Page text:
The Western Governors’ Association cataloged the top 50 invasive species in their region, saying the pests have already caused billions of dollars in damage to agriculture and infrastructure.
“Western governors have said the spread of invasive species is one of the greatest risks to the Western environment,” said Bill Whitacre, the association’s policy adviser for public lands and agriculture.
Some of the species on the governors’ list have been in the headlines before, including water-gulping salt cedar trees and quagga mussels. Others may be surprises, such as feral cats.
“They have huge impacts to native bird species,” Whitacre said.
They’re not pets on the loose, he said, but descendants in a long line of feral cats that have learned to live on their own.
Quagga mussels, which clog farm irrigation systems, requiring expensive cleanups. An aquatic weed called the Eurasian watermilfoil can alter the taste of municipal drinking water. Cheatgrass crowds out native grasses on rangeland, leaving less grazing for livestock.
Cheatgrass also competes with sage brush, reducing natural cover for a struggling native ground bird called the greater sage grouse, Whitacre said. It’s also more prone to burn, worsening the West’s wildfires.
Most states have their own lists of invasive species as well as workers tasked with getting rid of them, or at least controlling them, Whitacre said. But they tend to work only within their borders.
The West-wide invasive species list is a first, and the governors hope it will help state workers collaborate against the broader problem.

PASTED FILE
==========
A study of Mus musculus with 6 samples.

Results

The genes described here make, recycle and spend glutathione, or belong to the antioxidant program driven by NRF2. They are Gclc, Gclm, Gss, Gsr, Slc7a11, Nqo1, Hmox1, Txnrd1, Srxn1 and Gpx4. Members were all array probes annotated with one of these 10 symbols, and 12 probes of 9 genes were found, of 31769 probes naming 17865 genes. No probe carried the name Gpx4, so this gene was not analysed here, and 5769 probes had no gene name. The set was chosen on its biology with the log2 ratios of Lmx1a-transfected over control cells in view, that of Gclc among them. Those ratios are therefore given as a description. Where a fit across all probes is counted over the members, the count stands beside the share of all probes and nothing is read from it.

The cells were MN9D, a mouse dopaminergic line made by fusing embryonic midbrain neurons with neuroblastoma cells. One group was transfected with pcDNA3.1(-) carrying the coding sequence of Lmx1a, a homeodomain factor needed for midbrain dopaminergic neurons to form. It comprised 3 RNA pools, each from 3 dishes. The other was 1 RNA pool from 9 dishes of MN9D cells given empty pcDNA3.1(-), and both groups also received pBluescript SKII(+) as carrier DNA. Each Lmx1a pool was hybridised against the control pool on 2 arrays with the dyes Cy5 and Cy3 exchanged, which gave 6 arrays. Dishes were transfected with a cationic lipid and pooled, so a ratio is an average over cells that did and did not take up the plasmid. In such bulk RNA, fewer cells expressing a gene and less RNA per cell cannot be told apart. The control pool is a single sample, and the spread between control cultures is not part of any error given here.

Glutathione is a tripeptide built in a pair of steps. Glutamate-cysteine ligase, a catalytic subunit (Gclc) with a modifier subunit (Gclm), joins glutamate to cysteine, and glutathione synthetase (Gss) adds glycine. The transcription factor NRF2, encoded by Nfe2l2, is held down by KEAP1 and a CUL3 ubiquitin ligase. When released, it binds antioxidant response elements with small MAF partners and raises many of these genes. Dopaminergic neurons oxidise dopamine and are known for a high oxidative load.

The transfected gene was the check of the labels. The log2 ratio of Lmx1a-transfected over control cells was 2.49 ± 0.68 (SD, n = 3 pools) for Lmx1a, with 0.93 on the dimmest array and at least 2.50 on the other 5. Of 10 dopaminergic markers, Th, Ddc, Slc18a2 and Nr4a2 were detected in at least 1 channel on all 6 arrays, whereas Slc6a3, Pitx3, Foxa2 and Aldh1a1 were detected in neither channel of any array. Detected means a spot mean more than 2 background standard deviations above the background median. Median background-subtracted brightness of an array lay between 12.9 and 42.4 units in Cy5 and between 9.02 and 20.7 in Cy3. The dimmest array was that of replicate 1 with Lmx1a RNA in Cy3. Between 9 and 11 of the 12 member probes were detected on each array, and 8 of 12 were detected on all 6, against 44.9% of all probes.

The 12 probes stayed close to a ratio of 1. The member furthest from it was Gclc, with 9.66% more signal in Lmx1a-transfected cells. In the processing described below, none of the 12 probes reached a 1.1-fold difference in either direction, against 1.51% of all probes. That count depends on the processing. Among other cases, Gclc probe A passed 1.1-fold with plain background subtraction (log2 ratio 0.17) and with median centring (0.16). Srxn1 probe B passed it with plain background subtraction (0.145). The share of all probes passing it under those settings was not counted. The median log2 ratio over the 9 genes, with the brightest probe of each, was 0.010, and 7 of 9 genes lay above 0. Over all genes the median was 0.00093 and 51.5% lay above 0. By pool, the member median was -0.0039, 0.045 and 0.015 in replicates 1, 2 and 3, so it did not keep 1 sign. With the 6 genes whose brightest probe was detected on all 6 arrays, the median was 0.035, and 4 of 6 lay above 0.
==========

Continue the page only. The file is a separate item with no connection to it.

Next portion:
“A huge part of invasive species management is knowing what’s there and what’s not,” Whitacre said.
“If there’s early detection and rapid response, then there’s eradication,” he said.
At least two diseases made the list: white nose syndrome, which infects bats, and whirling disease, which attacks fish.
Most invasive species are an accidental consequence of international trade, said Leigh Greenwood, a manager for The Nature Conservancy and a member of Montana’s state Invasive Species Council.
She cited two invaders that attack and kill elm and ash trees.
“When we look at the emerald ash borer coming in from China and Dutch elm disease coming from Europe, that’s not a coincidence, because we used to get all of our goods from Europe and now we get them from China,” she said.
Everyday residents can help the professionals limit the spread of invasive species, Greenwood said.
Two important steps are using only local firewood, to avoid transporting pests that may have killed the tree, and making sure boats aren’t carrying invasive mussels or weeds, she said.